BizBox trailer

A photo from BizBox shows one of its mobile voting trailers used in Orange County, California. If commissioners approve purchasing a trailer for Denton County, it will be customized to meet the county’s needs.

In an effort to keep democracy running when the power goes out, Denton County elections officials want to buy a nearly $100,000 trailer to be put to use as soon as the 2020 primaries.

County commissioners are expected to approve for purchasing and elections officials to buy the mobile voting trailer during Tuesday’s Commissioners Court meeting.

If the purchase is approved, Denton County will be the first in Texas to go into business with BizBox, an Arizona-based company whose patented product has been used by local governments in the Los Angeles area, Denver, New Mexico and Illinois as mobile voting stations, according to the company’s website.

In Denton County, the trailer will serve as a backup polling place in case a power outage or natural disaster disrupts election-day operations, Frank Phillips, the county’s elections administrator, said Monday.

On board will be the polling equipment and volunteers people might see at a regular polling site at a civic center or church.

“It would just be used like a polling site,” Phillips said.

What’s different: This one will come with its own generator and hooked up to a Denton County-owned pickup.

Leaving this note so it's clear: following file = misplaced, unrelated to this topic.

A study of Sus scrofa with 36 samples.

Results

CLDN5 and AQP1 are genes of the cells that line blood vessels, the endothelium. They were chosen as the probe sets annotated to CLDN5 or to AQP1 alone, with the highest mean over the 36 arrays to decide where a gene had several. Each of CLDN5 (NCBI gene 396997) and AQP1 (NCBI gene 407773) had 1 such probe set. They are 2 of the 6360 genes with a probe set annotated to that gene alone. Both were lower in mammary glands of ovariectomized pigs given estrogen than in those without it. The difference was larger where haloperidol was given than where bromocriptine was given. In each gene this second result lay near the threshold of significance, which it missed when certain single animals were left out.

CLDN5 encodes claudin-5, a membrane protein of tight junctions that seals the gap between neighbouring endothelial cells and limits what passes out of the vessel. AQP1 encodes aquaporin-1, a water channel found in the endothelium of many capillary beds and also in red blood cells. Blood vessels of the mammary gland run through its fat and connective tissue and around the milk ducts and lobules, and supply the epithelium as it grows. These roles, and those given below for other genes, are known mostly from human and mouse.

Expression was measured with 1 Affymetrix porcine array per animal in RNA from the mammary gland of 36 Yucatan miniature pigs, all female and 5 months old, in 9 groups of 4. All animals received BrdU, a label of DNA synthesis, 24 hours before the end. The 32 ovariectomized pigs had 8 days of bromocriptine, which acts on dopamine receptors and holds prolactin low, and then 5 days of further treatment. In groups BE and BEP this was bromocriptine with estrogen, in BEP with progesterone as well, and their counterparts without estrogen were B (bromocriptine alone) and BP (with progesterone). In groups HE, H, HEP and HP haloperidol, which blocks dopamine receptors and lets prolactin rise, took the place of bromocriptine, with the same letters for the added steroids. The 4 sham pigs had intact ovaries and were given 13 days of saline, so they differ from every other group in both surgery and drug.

Last November, on an election day when voters were casting ballots in the 2018 midterms, a power outage at a church in Bartonville temporarily prevented poll workers from scanning ballots. The episode did not prove catastrophic for voting that day, elections officials said at the time, but it is an example of what Phillips and other officials hope to avoid by using the trailer.

While polling place workers are trained for such situations, the mobile trailer will speed up the time it takes to get the voting site back online, Phillips said. Whereas a backup generator and emergency ballots were needed in Bartonville last year, a future outage would mean county employees could simply park the trailer outside the crippled polling place and keep the line of voters moving.

“In the amount of time it takes up to go out to a polling site, we could be back up and running,” Phillips said of using the mobile center.

In Denver, officials used the mobile voting trailer in 2017 as part of a campaign to register more voters. Phillips said the trailer will only be used for contingency in case of a bad situation.

If the plan is approved by Denton County commissioners, the county will pay BizBox about $99,000 for the trailer. Details like how many ballot stations and workers fit inside the trailer must still be finalized. Phillips said the company would build the trailer this fall and have it ready by the time the primaries start in the spring.

DALTON LAFERNEY can be reached at 940-566-6882 and via Twitter at @daltonlaferney.